How to Dye Easter Eggs Naturally
I’ve always wanted to have a go at dying Easter eggs naturally, using vegetables and spices, and this year we finally did it. A couple weeks ago, the boys and I did a trial run, so there wouldn’t be any surprises on the big day itself, and I wanted to share our results with you.
We found some white eggs at our local Waitrose, so we worked with those. I haven’t tried it with brown eggs. In Germany white eggs are much more widely available and what I am use to dying, so I was very pleased to find some here. After much research, we decided to experiment with red cabbage, beetroot, blueberries, turmeric and spinach. You’ll also need some vinegar, which helps to set the colours.
The first step was prepping our veg. For the cabbage, beetroot and spinach, we chopped up the veg and popped them each in a saucepan of water. The blueberries obviously didn’t need chopped up, so they went straight in. Then bring to the boil and let them simmer to release the colours, about 20 minutes for the cabbage and beetroot and 10 minutes for the spinach and blueberries. Then we strained them each in to a small, deep bowl and left them too cool. For the turmeric, we dissolved two tablespoons of ground turmeric powder in boiling water and left it to cool.
While your dyes are cooling, boil your eggs. I always boil my Easter eggs for ten minutes.
Once the dyes have cooled, add a tablespoon of vinegar to each bowl of dye. Don’t be tempted to add more, or you may end up pickling your eggs! Especially since you will be leaving your eggs to soak for longer than when using commercial egg dyes. I read somewhere that in spinach, the vinegar actually bleaches the colour instead of setting it – to be on the safe side, we made two bowls of spinach dye, one with and one without vinegar. We placed a couple eggs in each bowl of dye. They need to be fully submerged to get full coverage of the eggs. You can either do this while the eggs are still warm, or wait for them to cool. Then you need to wait.
These were our eggs after 30 minutes. The red cabbage eggs were starting to take on a nice blue colour, the blueberries have a disappointing grey hue, the beetroot were a pale mauve, and the turmeric as expected were nice and yellow. Neither of the spinach dyes had done anything at all, so I didn’t bother photographing them.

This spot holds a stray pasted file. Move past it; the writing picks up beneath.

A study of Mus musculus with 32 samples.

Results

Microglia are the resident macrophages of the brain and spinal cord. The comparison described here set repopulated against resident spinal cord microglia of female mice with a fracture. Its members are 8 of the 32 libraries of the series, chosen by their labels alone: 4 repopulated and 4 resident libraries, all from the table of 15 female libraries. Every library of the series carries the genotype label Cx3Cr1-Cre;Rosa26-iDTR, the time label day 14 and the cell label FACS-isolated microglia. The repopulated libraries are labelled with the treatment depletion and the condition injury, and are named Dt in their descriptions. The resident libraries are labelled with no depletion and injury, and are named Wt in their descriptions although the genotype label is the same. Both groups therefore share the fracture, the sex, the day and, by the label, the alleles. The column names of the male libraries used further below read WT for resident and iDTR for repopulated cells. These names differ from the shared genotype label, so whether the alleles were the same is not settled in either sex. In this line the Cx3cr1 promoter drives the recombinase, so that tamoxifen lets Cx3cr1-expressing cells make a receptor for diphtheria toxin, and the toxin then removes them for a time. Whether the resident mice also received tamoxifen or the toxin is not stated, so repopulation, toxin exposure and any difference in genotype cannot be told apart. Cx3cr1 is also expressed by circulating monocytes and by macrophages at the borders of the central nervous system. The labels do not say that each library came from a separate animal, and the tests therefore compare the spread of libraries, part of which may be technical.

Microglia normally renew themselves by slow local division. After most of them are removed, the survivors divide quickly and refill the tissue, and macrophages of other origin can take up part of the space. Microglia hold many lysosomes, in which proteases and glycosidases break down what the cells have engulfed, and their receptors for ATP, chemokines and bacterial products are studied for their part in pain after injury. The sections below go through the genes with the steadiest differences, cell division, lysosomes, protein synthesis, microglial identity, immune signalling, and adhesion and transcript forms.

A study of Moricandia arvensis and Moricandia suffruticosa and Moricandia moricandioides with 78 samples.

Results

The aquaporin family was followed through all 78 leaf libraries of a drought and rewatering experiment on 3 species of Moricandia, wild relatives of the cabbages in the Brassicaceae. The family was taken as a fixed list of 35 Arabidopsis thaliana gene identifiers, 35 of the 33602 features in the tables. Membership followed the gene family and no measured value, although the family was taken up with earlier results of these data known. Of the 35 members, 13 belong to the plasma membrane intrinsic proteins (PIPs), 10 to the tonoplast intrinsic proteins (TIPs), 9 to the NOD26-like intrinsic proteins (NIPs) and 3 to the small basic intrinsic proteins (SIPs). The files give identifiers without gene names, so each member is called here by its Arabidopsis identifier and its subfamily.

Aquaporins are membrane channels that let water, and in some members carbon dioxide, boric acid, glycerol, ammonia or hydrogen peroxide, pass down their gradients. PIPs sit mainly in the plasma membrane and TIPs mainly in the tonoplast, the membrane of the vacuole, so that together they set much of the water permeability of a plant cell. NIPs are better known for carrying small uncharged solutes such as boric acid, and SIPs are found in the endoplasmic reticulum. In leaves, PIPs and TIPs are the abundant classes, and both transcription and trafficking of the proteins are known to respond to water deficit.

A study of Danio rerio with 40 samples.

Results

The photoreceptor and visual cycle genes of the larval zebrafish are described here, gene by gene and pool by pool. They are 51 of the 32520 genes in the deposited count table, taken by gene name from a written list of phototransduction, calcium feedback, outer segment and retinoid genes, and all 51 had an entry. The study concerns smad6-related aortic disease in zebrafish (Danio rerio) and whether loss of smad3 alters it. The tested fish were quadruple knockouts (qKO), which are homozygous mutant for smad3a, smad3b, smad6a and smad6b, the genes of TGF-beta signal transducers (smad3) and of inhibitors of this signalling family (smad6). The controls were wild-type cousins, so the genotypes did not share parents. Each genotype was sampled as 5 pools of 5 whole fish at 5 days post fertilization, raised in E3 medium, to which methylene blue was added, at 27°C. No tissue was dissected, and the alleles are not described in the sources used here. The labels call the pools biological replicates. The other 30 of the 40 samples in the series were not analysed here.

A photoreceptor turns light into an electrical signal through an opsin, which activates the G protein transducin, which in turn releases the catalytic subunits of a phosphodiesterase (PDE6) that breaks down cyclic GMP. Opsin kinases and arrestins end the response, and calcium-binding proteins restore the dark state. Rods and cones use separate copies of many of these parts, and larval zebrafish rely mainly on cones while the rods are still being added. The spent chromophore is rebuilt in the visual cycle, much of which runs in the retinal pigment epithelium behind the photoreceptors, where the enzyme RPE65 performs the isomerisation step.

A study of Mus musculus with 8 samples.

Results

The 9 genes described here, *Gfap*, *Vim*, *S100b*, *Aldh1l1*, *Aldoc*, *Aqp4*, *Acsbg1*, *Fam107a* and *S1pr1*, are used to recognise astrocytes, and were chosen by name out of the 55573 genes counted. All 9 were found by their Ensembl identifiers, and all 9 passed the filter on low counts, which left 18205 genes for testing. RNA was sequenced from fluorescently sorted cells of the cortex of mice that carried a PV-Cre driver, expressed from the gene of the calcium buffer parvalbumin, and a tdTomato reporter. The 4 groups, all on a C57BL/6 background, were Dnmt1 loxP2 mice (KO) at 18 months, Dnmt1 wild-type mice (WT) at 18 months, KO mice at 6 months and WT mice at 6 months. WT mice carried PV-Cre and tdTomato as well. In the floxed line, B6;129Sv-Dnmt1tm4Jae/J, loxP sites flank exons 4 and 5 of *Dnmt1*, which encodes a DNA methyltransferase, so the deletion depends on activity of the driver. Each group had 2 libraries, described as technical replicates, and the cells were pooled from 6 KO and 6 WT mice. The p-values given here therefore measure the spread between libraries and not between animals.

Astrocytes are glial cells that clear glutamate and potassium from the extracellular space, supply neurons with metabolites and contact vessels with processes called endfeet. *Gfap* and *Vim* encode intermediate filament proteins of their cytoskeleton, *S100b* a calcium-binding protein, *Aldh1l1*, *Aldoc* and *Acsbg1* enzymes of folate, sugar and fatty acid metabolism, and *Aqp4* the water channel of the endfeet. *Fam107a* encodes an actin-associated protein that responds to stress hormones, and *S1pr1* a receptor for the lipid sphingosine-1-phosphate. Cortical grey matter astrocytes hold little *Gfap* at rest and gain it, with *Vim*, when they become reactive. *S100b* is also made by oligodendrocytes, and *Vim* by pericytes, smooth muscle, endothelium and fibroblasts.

Here on the bottom row were the eggs after one hour (with the top row being the earlier ones for comparison). As you can see, the blue and the yellow had intensified and deepened and the mauve had turned brownish. The grey blueberry eggs were not doing much at this point so I actually switched them to the cabbage dye to try and salvage them, hence no second photo of the blueberry egg. The spinach eggs also continued to do nothing, so we abandoned them altogether and switched to plan B for getting green eggs.
To get green eggs, we placed the abandoned spinach eggs in the turmeric for half an hour, then switched them to the red cabbage. Half an hour in the cabbage gave us a pale green, and about double that time gave us a darker green.
While we were doing the green eggs, we also let some of the blue and yellow cabbage and turmeric eggs soak for another hour to see if they would get even deeper in colour. There was no difference to the blue, but the yellow did get a fraction darker and started going orange at one end where it was sitting on the dregs of the undissolved turmeric powder.
These were our final results:
The blueberries and beetroot were really disappointing. The combination of the blueberry and red cabbage did give a nice smokey grey, but the beetroot was just brown. As my husband said, “You’ve dyed a white egg brown! Could have just bought a brown egg.” Particularly ironic, considering how much beetroot dyes everything else red that touches it. But the red cabbage and the turmeric both got really good results, and then the combining them to get the different greens was really good too. So if you are wanting to have a go at natural Eater egg dyes and want to keep it simple at first, then red cabbage and turmeric are a good starting point. I did read that different types of onion skin will give you nice colours, but I can’t eat onions so it seemed a bit of a waste buying them just for the skins. Maybe next year I’ll get my friends to save onion skins for me so we can have a go!
Have you tried decorating Easter eggs with natural dyes? If you have any good tips, do share them in the comments. And if you want to share any pics of your own egg dying adventures, please feel free to tag me on Instagram or Twitter.
For more Easter fun, including craft ideas and recipes, check out our archive of Easter posts!